Latest Running Research- Listen to your Damn Body!
I just completed a multi-year study of running and endurance, and the findings are going to completely redefine the sport! This study is probably bigger than the Harvard Love Study and the Kinsey Reports combined! Are you ready to be amazed and completely rethink everything you know about running?
Here are the important take-away findings:
1. Speed and distance are inversely proportional: All of my recent PRs have come on the heals of long runs the previous day. Forget what you know about tapering, and head out for that 20-miler the day before your marathon. Watch the magic happen!
2. Hydration and gastrointestinal Distress are related: I’ve been playing around with my diet for quite some time, trying to figure out why the threat of the runs occurs on my long runs. Then, it hit me. Hydration! I’ve consumed water every single time I’ve had to make a pit stop at a gas station, in the woods, or behind a dumpster. The obvious solution is to simply stop drinking water. You’re welcome, internet!
3. Wind impacts pace: You’ve probably all thought about this anecdotally, and now you have the scientific proof to back up those hunches. Your pace does in fact decrease when running into the wind. That is, unless you push harder and increase your pace to compensate.
4. Bodyglide suppresses lactation in men! This was a rather unexpected finding, but the facts don’t lie. I do my best to avoid chafing on longer runs and apply my Bodyglide consistently. Surprisingly, I’ve never lactated on those days. Now, to my knowledge, I’ve never lactated period, but we’re just talking about running here.
5. Black socks make you run faster: We all know that darker colors absorb more energy from the sun, and solar energy is becoming more and more important as we rip through our remaining coal reserves. It then stands to reason that the solar energy entering my legs is providing more power and energy, and I’m running faster as a result. I went back and looked at race pictures, and sure enough, I’m wearing black socks for all of my fastest races.
Now, you’ve probably figured out by now that these findings aren’t EXACTLY scientific, but they are none-the-less true…at least for me. Sometimes. In the right conditions. If I think hard enough about them. My point here is more of a response to what seems like a constant onslaught of articles, commentaries, and studies that suggest running will do this or that to your body, or running too far will hurt your body, you need this much recovery, or you need to eat this balance of foods. The messages we receive are endless in a media-saturated, social-media intensive society. What’s more, we’ve been trained by Western medicine to assume everything is objective, has a solution, and more than likely involves a pill.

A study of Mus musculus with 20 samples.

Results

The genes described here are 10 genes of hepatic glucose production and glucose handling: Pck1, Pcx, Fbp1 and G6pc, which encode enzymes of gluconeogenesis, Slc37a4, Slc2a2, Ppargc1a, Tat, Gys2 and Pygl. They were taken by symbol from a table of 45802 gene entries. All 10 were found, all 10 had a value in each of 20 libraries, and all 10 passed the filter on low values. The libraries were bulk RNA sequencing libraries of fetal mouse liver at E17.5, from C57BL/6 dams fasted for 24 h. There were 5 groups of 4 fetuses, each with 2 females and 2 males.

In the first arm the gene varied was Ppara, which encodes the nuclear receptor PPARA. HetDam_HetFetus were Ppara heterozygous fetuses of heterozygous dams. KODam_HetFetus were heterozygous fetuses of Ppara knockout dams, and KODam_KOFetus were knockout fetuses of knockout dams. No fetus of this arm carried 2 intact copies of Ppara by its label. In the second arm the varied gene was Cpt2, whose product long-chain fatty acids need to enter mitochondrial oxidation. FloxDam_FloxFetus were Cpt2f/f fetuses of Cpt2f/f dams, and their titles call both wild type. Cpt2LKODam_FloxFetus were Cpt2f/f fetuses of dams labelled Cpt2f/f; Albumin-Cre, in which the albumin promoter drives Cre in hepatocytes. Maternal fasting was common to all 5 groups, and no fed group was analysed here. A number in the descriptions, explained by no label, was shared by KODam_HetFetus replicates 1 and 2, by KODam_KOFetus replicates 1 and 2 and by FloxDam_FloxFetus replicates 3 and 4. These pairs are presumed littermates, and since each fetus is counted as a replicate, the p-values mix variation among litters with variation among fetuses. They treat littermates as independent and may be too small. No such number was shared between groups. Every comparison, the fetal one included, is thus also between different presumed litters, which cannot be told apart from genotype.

I hate to break it to you but there is no such think as objective research. Everyone involved in every research study made decisions about how to go about their work, what and who to include, and what questions to ask (and thus what questions not to ask). The reality is that humanity is amazing, infuriating, sometimes terrifying, and mostly beautifully diverse. Thus, there are as many “ways” to do something as there are people to do them. Running is simply one of those things.
We’ve gotten away from listening to our bodies. Really stopping to pay attention to not only what hurts so we can tell our doctor, but what feels good, how long something lasts, and what differences exist when we try new things. The beauty, of course, is that we can start doing this any time. It may take some time to flip that switch in your mind, but the benefit is well worth the time. Just as we invest time in hill work, speed work, intervals, and endurance training, we should invest time in listening to our bodies.
There’s certainly nothing wrong with reading the articles that flood our news feeds every day. The trick is not to get so wrapped up in what other people are saying that we stop trusting ourselves to know what’s best for our running, our goals, and our bodies. The findings of that study may just surprise you, and will certainly prove more beneficial to your overall performance!